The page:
1. R Woolcock1,
  2. S Fenning1,
  3. K Haga1,
  4. C Skene2,
  5. K Boyd3,
  6. S A Murray3 and
  7. M Denvir2
  1. 1College of Medicine and Veterinary Medicine, The University of Edinburgh, Edinburgh, UK
  2. 2Edinburgh Heart Centre, Royal Infirmary of Edinburgh, Edinburgh, UK
  3. 3Primary Palliative Care Research Group, Centre for Population Health Sciences, The University of Edinburgh, Edinburgh, UK


Introduction and aims Identifying patients with non-malignant disease in the hospital setting who might benefit from palliative and supportive care is challenging. There is little research in this area. A screening tool, the Scottish Palliative Care Indicator Tool (SPICT) was developed to help identify acute cardiac patients who might benefit from supportive/palliative care. We aimed to compare this new tool with the Gold Standards Framework Prognostic Indicator Guide (GSF-PIG)and two clinical prognostic scores currently used in hospital practice (GRACE and Seattle).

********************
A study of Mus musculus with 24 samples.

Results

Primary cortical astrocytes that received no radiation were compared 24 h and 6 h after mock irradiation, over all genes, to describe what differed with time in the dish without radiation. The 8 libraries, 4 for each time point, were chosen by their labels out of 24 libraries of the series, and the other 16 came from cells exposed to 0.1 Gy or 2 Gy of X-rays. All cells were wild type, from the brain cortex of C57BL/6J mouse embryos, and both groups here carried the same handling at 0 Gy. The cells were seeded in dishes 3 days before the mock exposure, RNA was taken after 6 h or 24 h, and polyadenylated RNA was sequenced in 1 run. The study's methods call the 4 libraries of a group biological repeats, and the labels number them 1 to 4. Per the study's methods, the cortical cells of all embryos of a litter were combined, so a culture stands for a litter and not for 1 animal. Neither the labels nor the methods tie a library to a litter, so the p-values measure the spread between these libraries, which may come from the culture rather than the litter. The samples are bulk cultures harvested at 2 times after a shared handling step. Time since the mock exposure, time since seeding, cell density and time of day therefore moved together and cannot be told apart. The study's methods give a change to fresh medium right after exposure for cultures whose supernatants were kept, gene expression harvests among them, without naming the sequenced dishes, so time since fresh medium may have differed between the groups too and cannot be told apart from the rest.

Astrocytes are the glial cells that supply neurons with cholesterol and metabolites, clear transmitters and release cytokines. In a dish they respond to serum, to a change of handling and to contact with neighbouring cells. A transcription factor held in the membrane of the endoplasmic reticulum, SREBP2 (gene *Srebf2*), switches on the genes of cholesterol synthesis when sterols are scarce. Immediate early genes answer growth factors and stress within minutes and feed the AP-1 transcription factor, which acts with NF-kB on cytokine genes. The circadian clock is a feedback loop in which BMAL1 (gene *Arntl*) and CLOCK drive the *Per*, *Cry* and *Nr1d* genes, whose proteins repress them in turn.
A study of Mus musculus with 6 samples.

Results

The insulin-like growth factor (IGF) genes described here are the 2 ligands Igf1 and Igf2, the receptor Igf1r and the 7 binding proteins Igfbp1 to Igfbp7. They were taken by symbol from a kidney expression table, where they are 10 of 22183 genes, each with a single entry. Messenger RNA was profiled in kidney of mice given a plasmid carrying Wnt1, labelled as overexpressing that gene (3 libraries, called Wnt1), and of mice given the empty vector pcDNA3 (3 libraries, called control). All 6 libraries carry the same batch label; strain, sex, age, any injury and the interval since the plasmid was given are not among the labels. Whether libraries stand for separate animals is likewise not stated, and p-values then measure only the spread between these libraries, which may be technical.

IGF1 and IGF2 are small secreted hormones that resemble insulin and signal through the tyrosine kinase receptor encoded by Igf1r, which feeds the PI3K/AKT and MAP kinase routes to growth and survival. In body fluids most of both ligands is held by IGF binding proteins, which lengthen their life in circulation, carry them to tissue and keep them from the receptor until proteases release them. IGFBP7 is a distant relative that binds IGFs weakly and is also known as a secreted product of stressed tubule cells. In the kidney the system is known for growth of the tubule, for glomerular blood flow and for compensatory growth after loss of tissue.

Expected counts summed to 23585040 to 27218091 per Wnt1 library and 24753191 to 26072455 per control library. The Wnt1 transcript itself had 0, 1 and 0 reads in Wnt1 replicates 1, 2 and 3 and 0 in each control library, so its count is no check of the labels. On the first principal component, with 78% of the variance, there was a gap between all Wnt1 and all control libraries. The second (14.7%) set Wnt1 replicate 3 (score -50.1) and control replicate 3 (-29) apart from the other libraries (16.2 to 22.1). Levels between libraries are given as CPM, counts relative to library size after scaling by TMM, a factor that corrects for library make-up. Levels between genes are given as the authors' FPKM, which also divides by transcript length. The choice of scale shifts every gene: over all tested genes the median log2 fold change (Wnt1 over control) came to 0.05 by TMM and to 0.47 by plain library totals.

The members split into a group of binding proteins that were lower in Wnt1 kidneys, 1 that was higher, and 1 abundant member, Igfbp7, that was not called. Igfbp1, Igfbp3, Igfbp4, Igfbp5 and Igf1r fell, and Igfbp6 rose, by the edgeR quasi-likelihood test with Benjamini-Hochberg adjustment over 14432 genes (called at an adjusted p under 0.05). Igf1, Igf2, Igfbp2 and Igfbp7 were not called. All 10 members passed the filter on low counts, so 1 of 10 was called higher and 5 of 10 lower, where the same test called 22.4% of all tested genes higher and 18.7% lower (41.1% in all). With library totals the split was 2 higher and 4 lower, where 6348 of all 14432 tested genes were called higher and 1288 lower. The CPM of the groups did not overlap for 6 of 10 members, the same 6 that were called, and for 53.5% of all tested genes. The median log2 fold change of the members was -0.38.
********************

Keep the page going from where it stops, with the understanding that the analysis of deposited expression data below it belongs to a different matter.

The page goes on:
Methods Consecutive patients admitted to a cardiology ward with acute coronary syndrome (ACS) and acute heart failure (AHF) over a 4 week period were identified. Data for SPICT, GSF-PIG, GRACE (estimated 6 month% mortality) and Seattle scores (estimated 12 month% mortality) were obtained from patient records and by interviews with hospital staff.

Conclusions SPICT and GSF identified ACS patients with significantly higher risk of death within 6 months of discharge. Neither prognostic tool appeared to predict Seattle score mortality in patients with AHF. SPICT and GSF have equivalent predictive utility in identifying acute cardiac patients nearing end-of life.